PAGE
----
Process improvement professionals often have a transient relationship with the customer. I should clarify that, as of course they go to great lengths to satisfy their customer, the problem is of course that this customer is often an internal one rather than an external one.
During his keynote speech, Steve Towers asked the audience to raise their hand if they interacted regularly with customers. Maybe half a dozen did. I wonder how many managers as a whole fall into this camp? When was the last time you engaged with a customer?
I’m not talking via an artificial environment such as a focus group here, I’m talking about talking to customers as they engage with your organisation. I suspect the answer is equally poor, which is mad isn’t it?
The goal as a company is to have customer service that is not just the best, but legendary.Sam Walton
Management by Walking Around has been a popular concept for the best part of 30 years now, and whilst many managers may do the rounds internally (not enough of them I might add), a tiny number walk around externally. It’s a cliche to say that walking a mile in someones shoes allows you insight into their world, but in terms of delivering exceptional customer service it does help to get out of your ivory tower.
For process improvement professionals of course such aversion is unforgiveable as pull systems are a fundamental part of the Toyota Production System that underpins lean. In a pure pull system you don’t produce something until there’s demand for it, so you are responding directly to what the customer wants.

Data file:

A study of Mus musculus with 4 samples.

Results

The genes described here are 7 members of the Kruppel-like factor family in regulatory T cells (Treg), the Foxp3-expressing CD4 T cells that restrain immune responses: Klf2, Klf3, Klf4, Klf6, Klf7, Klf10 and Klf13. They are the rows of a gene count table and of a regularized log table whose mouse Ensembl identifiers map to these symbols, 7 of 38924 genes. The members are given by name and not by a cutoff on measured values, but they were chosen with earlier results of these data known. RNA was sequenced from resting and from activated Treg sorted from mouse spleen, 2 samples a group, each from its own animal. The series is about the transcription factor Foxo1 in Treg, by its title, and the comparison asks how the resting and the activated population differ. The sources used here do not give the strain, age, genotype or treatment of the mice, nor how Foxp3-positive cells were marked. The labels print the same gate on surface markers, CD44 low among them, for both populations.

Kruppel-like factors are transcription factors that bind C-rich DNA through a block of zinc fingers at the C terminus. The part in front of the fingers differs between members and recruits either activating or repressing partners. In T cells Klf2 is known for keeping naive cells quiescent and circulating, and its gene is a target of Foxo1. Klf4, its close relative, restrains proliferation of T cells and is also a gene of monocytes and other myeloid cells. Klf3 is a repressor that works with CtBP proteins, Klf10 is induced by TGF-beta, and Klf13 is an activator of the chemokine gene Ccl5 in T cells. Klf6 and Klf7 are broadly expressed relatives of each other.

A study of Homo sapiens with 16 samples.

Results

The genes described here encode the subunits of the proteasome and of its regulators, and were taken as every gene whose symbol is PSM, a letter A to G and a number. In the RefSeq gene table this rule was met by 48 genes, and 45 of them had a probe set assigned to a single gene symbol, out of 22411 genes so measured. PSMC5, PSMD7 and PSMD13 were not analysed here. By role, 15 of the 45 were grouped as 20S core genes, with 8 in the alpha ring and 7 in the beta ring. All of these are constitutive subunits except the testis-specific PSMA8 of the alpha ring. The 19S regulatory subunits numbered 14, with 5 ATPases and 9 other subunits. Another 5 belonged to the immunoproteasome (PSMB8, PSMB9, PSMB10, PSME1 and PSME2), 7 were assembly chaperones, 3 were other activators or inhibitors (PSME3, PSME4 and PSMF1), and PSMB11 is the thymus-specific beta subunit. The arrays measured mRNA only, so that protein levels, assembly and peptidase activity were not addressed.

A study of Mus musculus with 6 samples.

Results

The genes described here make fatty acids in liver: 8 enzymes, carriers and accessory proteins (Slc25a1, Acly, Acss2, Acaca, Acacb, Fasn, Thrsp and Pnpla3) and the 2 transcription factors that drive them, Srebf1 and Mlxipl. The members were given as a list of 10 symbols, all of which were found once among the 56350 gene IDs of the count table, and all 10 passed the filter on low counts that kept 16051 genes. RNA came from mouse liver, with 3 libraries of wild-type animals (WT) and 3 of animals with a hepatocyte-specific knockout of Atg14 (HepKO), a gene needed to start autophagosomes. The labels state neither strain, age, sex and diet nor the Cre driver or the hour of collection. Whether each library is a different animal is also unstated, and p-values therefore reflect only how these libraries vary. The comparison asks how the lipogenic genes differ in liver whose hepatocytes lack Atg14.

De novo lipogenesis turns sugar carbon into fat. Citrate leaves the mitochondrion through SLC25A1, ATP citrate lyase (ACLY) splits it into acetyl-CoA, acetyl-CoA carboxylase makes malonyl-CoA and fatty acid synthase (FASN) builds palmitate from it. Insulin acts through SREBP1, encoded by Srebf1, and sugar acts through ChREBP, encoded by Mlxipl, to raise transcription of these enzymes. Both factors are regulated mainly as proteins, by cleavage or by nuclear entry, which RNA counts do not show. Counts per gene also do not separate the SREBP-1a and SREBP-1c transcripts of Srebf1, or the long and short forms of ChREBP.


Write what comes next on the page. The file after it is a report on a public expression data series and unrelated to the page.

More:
So there’s really no excuse for process improvement professionals to not take a customer-centric approach to their work. That shouldn’t let the rest of us off the hook though, especially as the second major take-away from the event was around Big Data.
Forrester Research’s Connie Moore spoke about how Big Data can enable companies to deliver the customer-centricity we all crave when we’re the customer ourselves. If the data is analysed correctly it provides managers with the insight to provide each customer with a service tailored specifically for them. Of course that’s a big if for there is concern that a talent shortage could strangle the Big Data revolution before it’s even gathered steam.
If you’d like to find out a bit more on all of this, then I can recommend this whitepaper by IBM. It looks at how you can use cloud technologies to drive innovation and continuous improvement.
Whilst Big Data can provide you with an incredible breadth and depth to your investigations, a very worthwhile first step is to simply get out from behind your desk and talk to some customers. Heck, if you can’t do that, hop onto your organisations social media and you’re sure to meet plenty of them there.
Just don’t say you’re too busy, for you should never be too busy to meet a customer.